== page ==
What initially appeared to be a perfectly executed plan and a huge win for Tottenham ended in another dramatic victory for Juventus on Tuesday.

Juve scored twice in three minutes to defeat Spurs 2-1 in the second leg of their Champions League Round of 16 clash on Wednesday at Wembley Stadium. It truly was a cliched game of two halves, with either side controlling each interval.

Here are three lessons from the match

1. Allegri corrects his mistakes

Spurs was dominant in the midfield in both matches against Juventus. In Wednesday’s match, the midfield of Eric Dier and Mousa Dembele, with Christian Eriksen frequently dropping deeper to help transition the ball to the attackers, stifled Juventus’ midfield of Miralem Pjanic, Blaise Matuidi, and Sami Khedira. 

Tottenham likewise understood that the way Juventus were set up the majority of their attacks were going to come through the center of the pitch, so they packed the middle and mostly ran the show.

Unfortunately, Massimiliano Allegri realized this too. Midway through the second half, he brought on Kwadwo Asamoah and Stephan Lichsteiner, and immediately started targeting the weak point of Tottenham’s squad: the fullbacks. 

It paid dividends almost immediately. Juventus were able to move the ball into wider positions, which stretched Spurs, leaving them more open to exploitation by Alex Sandro and Douglas Costa.

In the end, Mauricio Pochettino’s side failed to react to Allegri’s tweaks. The high defensive line left the team exposed and a momentary slip ultimately cost Tottenham, despite a promising response late in the game. 

2. The Argentine connection

Juventus’ top-two scorers are Gonzalo Higuain and Paulo Dybala. They’ve scored a combined 37 goals in all competitions, which is around 45 per cent of the team’s total output.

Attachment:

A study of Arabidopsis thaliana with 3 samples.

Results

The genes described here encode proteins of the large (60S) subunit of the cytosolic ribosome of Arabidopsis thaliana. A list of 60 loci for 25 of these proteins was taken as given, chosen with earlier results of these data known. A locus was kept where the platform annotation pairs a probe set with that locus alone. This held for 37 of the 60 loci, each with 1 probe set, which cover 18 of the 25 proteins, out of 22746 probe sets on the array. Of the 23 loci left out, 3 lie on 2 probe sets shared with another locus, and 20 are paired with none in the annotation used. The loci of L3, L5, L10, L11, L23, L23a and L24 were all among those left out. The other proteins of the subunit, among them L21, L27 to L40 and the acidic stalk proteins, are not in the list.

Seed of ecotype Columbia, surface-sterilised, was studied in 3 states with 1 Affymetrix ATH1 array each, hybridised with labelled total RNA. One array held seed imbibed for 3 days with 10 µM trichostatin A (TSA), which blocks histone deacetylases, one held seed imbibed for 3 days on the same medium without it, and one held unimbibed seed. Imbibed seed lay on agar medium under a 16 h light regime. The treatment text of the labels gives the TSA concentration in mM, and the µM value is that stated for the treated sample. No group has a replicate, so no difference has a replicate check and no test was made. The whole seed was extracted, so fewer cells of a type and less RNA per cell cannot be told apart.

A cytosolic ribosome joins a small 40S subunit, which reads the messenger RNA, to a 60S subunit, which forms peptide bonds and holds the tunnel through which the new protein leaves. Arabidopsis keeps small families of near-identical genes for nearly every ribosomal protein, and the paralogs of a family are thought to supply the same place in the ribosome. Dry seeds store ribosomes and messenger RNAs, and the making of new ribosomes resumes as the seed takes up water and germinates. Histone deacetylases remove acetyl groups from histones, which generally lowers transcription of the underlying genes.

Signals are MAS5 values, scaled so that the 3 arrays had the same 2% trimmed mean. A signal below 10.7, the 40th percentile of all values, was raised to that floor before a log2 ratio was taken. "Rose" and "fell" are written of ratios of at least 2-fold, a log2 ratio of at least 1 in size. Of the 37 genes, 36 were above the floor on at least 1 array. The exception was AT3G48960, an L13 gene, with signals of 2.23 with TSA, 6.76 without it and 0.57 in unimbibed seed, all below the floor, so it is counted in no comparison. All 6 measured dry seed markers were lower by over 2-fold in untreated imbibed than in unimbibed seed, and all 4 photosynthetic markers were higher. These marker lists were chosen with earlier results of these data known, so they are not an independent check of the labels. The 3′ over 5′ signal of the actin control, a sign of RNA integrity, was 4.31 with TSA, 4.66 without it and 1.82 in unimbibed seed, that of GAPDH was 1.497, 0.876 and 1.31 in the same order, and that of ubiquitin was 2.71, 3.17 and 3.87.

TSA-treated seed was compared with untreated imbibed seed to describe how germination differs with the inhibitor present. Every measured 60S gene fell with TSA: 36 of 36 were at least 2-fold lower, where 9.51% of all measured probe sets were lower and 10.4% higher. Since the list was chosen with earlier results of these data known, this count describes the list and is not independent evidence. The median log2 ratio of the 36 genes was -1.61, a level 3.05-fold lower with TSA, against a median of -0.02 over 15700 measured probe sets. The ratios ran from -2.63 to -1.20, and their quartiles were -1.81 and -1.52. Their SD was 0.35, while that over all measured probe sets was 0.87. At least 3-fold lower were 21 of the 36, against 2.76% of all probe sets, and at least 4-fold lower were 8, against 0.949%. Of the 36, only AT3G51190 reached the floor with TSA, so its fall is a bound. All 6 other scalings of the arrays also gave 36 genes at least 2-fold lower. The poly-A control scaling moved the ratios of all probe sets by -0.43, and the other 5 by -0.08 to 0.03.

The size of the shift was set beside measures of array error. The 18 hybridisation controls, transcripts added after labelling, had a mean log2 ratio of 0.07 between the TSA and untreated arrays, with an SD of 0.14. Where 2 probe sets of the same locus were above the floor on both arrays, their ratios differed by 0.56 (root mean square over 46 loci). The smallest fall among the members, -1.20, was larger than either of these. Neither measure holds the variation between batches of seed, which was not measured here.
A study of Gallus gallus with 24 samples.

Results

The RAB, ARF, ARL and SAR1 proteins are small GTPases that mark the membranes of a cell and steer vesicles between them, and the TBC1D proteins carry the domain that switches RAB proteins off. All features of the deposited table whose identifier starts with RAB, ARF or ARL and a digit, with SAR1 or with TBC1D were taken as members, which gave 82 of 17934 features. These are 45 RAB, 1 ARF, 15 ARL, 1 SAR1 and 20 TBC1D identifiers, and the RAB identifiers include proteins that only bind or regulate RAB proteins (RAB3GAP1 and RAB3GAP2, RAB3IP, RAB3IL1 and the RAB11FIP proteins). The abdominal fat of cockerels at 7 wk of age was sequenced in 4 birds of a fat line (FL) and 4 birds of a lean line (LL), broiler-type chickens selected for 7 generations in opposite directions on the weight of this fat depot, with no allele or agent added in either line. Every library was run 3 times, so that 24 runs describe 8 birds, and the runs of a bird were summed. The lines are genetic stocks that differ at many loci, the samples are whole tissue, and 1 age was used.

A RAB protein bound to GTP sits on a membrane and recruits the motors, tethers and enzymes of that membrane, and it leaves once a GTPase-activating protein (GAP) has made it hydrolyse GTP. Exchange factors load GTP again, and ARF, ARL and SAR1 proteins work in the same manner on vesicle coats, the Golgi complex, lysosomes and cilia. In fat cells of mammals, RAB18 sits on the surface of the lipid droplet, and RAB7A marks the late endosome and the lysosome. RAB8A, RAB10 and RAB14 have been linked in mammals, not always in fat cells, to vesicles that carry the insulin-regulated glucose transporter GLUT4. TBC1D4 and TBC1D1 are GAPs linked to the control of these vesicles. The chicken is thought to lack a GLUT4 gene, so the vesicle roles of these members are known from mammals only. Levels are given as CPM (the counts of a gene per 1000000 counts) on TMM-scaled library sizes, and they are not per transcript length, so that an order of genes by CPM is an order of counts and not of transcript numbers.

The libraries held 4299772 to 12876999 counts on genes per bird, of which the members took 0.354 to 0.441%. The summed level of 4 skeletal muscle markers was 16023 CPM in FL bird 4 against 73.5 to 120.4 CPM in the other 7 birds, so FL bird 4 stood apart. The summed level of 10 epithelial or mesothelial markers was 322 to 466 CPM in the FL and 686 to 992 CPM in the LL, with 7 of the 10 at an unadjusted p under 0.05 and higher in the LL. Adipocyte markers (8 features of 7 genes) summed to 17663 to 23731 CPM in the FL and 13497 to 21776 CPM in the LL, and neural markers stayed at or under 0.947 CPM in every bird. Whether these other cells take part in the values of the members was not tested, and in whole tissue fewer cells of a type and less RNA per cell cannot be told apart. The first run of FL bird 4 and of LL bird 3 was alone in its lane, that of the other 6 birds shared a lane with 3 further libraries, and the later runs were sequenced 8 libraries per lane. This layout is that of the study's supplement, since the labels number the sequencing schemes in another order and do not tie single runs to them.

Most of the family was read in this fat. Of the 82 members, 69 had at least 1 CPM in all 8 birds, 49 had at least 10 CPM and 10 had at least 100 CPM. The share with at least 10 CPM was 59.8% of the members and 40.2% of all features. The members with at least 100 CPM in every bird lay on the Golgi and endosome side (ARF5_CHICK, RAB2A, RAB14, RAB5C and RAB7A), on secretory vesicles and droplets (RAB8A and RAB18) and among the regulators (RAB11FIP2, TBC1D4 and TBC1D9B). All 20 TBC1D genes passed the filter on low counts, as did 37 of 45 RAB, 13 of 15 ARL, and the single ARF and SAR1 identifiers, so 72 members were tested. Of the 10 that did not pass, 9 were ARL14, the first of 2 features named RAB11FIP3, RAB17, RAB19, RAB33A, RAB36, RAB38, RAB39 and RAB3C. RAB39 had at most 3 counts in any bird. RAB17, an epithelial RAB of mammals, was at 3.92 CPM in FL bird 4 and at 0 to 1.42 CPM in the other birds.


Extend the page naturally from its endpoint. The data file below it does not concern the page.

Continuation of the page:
Higuain has earned a reputation as a bottler in finals. Missing quality opportunities in a World Cup finale and back-to-back Copa Americas can lead to those claims. However, he definitely silenced his critics on Wednesday.

In the first half, Juventus was so compressed that many key players were unable to affect the game. That included Higuain and Dybala. Once those two substitutions were brought into the match, they were on the ball and influencing the proceedings.

Neither player was called up by Argentina coach Jorge Sampaoli for the March friendlies, primarily due to a lack of minutes in recent weeks. However, if they keep producing at this current rate, especially in the Champions League, Sampaoli won’t have a choice but to include them in his World Cup squad.

3. Experience Counts

Tottenham lack of Champions League experience was their albatross on the night. They should have wrapped up the game after going ahead in the first half when Son scuffed in from Kieran Trippier's 39th-minute cross.

Tottenham were very, very good in this match, especially in the first half. Son Heung-Min in particular took advantage of an excellent match-up against Andrea Barzagli and torched him over and over in what was a fantastic game for the Korean. Between Son and Harry Kane, Tottenham had no lack of scoring opportunities.

However, except for Son’s first half goal, they weren’t able to turn those opportunities into goals. 

You can blame luck, you can blame a minor finishing slump, you can blame Juventus’ defense. Either way, Spurs had opportunities to put the match away and couldn’t quite get the job done.